It’s kind of like observing “a speck of tinsel floating in front of a spotlight hundreds of miles away.”
In the two decades since the discovery of the first exoplanet in 1995, another 3500 exoplanets have been found ranging in size from double Earth's moon to almost twice the size of Jupiter. While this "exoplanet bonanza" is undoubtedly exciting, astronomers know remarkably little about the exoplanets being discovered.
However our exoplanet ignorance may soon be over thanks to CHARIS, a new instrument for Hawaii's Subaru telescope which recently allowed astronomers to directly observe large exoplanets 50-light years away. By isolating light reflecting off of these exoplanets, CHARIS will provide insight into the planets' size, age, and atmosphere—details that were difficult if not impossible to obtain with previous methods of exoplanet observation.
Prior to the early 2000s, astronomers seeking exoplanets almost exclusively relied on Doppler spectroscopy for their discoveries. This method indirectly detects exoplanets by measuring shifts in a star's light spectrum, which slightly changes as the star responds to the gravitational pull of an orbiting planet. To date, this method accounts for roughly 30 percent of all exoplanet discoveries, but gives astronomers almost no information about the planet itself beyond its minimum mass.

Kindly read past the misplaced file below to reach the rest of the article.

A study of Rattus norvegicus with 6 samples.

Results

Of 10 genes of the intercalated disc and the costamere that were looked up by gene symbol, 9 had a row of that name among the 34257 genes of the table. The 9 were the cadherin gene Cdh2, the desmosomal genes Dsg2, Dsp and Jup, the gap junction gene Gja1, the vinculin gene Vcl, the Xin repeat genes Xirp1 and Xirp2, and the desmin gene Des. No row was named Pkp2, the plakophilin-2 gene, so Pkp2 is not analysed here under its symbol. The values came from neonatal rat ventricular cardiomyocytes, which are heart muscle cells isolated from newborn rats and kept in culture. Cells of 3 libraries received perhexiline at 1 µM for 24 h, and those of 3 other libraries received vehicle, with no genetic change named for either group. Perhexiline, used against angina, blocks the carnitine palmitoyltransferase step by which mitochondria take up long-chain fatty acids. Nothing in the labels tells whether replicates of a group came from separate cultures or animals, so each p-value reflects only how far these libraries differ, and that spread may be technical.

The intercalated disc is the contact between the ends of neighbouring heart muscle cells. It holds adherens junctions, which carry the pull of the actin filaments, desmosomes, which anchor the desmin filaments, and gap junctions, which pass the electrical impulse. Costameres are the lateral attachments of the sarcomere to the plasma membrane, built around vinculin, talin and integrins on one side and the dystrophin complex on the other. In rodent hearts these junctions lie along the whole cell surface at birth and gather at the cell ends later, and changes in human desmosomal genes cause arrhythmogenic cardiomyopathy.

Over the last decade, the exoplanet detection method à la mode has become transit photometry. This method involves measuring changes in a star's brightness—when an exoplanet passes in front of its host star, the brightness of that star drops for the observer on Earth. This method reveals the size of the planet, which can be combined with measurements of the planet's mass via Doppler spectroscopy to determine the density of the planet and thus some aspects of its physical structure.
Of course the crown jewel of exoplanet detection is direct observation, which is what makes the CHARIS announcement so exciting. The first direct detection of an exoplanet happened in 2015, when astronomers at Chile's La Silla Observatory directly observed Dimidium, the first exoplanet ever discovered. This direct observation was surprising, given that the telescope at La Silla was optimized for Doppler spectroscopy.
CHARIS, on the other hand, was built for direct observation. The instrument sits inside a large 500 pound case kept at -370 F and is comprised of nine mirrors, five filters, two prism assemblies and a microlens array. CHARIS sits behind another device called a coronagraph, which the astronomers use parse the light that is coming directly from the star versus the light that is being reflected off the planet. This is a remarkably subtle difference, given how dim a planet's reflection is compared to its host star, and the researchers liken it to measuring "the light reflecting from a speck of tinsel floating in front of a spotlight hundreds of miles away."
The first direct exoplanet observations using CHARIS was of the star system HR 8799, which is located about 130 light years from earth and host to four planets that are all larger than Jupiter. These planets were discovered back in 2008 and were the first whose orbital motion was confirmed through direct imaging.
Following its successful test run, CHARIS will become available to astronomers at the Subaru telescope starting in February, who will use it to directly observe previously discovered exoplanets and potentially discover new ones.